The Isle of Man has committed to building an all-island EV charging network by 2030.

The Isle of Man has committed to building an all-island EV charging network by 2030.

The Isle of Man has released its plan for reaching net zero by 2050, setting its sights on 75% renewables by 2035.

Whilst it is not covered by the UK’s 2050 target, the British Crown dependency itself committed to net zero greenhouse gas emissions in May 2019, and has since been working to develop a roadmap, including announcing £5 million for climate action capital projects.

Now the island – which sits in the Irish Channel - has released a Climate Change Bill for consultation by its parliament Tynwald, including a detailed plan of action.

This includes procuring at least 75% of the islands electricity from renewable sources, stating that work needs to begin immediately to set it on the right path. It is launching a Prior Information Notice (PIN) for at least 20 MW of onshore renewable energy, which it says will commence as soon as possible.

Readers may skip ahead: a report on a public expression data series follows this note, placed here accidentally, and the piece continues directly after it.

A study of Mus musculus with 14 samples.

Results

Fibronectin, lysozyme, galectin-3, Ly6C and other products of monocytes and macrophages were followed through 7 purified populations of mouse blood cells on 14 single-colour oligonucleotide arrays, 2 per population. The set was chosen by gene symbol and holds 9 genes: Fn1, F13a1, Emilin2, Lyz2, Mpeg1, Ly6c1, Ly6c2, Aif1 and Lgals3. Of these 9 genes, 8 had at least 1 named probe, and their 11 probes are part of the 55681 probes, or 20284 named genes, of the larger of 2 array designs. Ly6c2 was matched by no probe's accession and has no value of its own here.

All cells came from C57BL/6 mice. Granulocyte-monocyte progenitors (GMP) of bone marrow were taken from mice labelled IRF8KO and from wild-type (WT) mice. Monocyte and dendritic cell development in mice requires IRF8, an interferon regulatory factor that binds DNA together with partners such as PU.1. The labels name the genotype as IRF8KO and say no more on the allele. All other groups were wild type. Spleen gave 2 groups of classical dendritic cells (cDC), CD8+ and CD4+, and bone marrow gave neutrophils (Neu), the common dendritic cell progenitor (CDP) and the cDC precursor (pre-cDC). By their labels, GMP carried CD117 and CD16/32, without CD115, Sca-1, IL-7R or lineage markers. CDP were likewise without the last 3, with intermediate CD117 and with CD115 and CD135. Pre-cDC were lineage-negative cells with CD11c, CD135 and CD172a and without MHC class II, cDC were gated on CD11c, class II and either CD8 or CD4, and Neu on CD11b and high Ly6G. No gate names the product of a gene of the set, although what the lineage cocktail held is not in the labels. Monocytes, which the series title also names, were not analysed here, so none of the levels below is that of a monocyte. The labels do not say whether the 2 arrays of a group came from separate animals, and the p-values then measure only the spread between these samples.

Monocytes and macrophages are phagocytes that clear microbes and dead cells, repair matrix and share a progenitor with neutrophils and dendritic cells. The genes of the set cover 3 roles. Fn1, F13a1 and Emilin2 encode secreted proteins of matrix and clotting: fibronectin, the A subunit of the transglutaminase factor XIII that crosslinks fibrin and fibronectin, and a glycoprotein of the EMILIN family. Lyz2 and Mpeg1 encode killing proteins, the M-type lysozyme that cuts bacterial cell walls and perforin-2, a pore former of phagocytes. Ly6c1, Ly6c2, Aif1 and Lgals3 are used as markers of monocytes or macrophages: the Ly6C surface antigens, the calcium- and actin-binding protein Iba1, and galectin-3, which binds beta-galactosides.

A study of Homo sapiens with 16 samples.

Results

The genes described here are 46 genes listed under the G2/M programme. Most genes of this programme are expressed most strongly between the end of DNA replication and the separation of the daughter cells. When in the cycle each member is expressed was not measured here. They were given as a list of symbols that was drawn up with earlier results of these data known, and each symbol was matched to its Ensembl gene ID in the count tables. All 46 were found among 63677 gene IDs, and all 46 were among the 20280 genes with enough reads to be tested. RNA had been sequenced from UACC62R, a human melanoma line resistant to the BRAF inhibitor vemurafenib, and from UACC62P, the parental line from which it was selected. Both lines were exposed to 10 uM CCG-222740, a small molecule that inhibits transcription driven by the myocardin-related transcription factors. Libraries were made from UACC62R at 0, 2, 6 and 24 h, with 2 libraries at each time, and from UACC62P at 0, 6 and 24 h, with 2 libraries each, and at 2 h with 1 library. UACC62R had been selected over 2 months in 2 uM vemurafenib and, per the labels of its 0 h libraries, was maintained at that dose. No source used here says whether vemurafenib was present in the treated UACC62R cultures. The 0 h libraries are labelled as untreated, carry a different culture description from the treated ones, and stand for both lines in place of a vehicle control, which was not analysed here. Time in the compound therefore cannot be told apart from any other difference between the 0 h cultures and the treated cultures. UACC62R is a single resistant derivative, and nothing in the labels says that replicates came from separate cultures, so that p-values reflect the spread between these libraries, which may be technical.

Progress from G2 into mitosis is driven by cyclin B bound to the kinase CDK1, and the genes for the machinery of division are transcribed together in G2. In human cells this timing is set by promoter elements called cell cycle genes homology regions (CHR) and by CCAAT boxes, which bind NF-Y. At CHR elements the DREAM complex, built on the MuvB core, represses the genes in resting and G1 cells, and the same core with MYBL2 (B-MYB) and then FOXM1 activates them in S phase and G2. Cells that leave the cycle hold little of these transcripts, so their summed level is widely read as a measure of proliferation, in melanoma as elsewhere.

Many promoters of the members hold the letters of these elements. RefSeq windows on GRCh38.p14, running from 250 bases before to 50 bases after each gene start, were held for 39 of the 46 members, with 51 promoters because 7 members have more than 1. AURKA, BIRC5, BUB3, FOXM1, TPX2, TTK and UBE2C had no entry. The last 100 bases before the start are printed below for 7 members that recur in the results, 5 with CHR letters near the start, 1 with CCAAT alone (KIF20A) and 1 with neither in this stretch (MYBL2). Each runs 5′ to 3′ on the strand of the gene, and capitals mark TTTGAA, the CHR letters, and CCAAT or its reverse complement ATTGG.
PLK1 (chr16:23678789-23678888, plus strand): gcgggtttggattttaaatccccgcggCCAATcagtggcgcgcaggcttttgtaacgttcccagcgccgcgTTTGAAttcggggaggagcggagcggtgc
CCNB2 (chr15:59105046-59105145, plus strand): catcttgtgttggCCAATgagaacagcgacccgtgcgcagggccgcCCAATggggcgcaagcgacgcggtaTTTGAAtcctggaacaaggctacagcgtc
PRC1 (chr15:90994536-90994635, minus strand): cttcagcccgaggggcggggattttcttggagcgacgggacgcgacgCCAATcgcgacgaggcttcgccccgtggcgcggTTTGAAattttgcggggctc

It will also launch a PIN for offshore wind and look to model the future electricity grid requirements to help inform its plans over coming years.

Along with this, the island is targeting decarbonisation of heat with a ban on fossil fuel heating in new homes from 2025, and establish a new, low electric heating tariff to encourage electrification of heating.

To decarbonise transport, the plan details the rollout of an all-island electric vehicle (EV) charging network and is consulting on an end date for registration of fossil fuelled vehicles.

The Isle of Man has committed to a green recovery from COVID-19, with the new Climate Change Bill to form a key part of this.

“We are emerging from one of the most challenging times we have faced as a nation,” wrote the Hon Howard Quayle MHK, chief minister and the Hon Geoffrey Boot MHK, minister for Environment, Food and Agriculture, in the introduction to the Bill’s accompanying report.

“As we assess the impact of the COVID-19 pandemic and the way all our lives have changed over the past few months, we are also acutely aware climate change has not gone away. The imperative for action remains, whilst the appetite for change is arguably greater.”